Tuesday, Aug. 10, 2010 | 2:10 p.m.
In a brief interview today, Senate Minority Leader Bill Raggio, R-Reno, said the state’s budget crisis is so great that a tax increase and an extension of the temporary 2009 tax increase may be necessary to keep government afloat.
Raggio’s comments came amid a growing chorus of state officials saying the reality of Nevada’s looming $3 billion shortfall will necessitate a tax increase.
“I do think we will have to have some infusion of new revenue,” Raggio said today. “But first, we must determine the essential services at the state level.”
Raggio also said lawmakers will have to consider lifting the sunset on the 2009 tax increase, which could take care of nearly a third of the budget hole. Raggio, whose vote was critical to passing the 2009 tax increase, insisted that the tax hike be temporary.
Last week, Senate Majority Leader Steven Horsford, D-North Las Vegas, said a $1.5 billion tax increase and $1.5 billion in spending cuts would be needed in 2011.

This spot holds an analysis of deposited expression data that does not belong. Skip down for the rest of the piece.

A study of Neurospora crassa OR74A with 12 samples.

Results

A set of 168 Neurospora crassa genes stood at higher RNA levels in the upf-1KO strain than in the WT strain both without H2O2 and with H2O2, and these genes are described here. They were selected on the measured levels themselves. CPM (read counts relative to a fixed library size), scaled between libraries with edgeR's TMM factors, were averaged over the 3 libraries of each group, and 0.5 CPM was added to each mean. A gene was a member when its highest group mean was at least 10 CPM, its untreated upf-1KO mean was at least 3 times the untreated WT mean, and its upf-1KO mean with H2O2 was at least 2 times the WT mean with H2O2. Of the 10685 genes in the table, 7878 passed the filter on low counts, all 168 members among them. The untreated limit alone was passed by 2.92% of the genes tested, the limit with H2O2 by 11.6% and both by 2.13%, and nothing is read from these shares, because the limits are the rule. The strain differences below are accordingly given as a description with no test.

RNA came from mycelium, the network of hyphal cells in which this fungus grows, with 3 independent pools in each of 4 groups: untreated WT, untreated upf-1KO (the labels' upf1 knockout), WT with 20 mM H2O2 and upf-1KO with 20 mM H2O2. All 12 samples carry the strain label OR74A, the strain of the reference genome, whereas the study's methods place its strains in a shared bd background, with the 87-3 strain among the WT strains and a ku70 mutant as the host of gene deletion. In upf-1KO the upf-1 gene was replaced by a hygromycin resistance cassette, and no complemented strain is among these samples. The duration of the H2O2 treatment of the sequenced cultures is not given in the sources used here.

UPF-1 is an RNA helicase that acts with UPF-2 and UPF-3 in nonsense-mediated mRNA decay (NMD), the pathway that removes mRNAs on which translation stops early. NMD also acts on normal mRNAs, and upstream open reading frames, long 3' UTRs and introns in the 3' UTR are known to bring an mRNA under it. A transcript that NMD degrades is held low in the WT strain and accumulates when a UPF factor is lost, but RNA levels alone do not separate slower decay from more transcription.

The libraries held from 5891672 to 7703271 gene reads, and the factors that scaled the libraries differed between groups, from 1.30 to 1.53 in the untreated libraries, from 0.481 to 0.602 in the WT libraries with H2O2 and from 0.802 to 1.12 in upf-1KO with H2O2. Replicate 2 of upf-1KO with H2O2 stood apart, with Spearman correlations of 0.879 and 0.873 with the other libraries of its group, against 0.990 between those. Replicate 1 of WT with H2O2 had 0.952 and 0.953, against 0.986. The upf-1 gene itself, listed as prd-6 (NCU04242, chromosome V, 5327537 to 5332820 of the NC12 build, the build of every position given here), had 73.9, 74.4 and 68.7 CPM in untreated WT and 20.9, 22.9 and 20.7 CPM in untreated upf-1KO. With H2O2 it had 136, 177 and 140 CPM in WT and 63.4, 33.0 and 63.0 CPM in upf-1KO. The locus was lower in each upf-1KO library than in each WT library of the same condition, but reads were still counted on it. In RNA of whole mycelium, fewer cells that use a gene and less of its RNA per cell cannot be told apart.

On Friday, state budget director Andrew Clinger agreed a tax increase would be needed to balance the state budget, but has since backed off those comments. He now says the budget could be balanced if state lawmakers looked to local governments for revenue and new services.
Meanwhile, both gubernatorial candidates continue to vow not to raise taxes during the state’s worst recession since the Great Depression.
Mary-Sarah Kinner, spokeswoman for Republican Brian Sandoval, said Saturday that Sandoval would veto any budget that came with a tax increase.
Democrat Rory Reid said he refuses to speculate on what he would do in such a scenario, but repeated his promise not to raise taxes.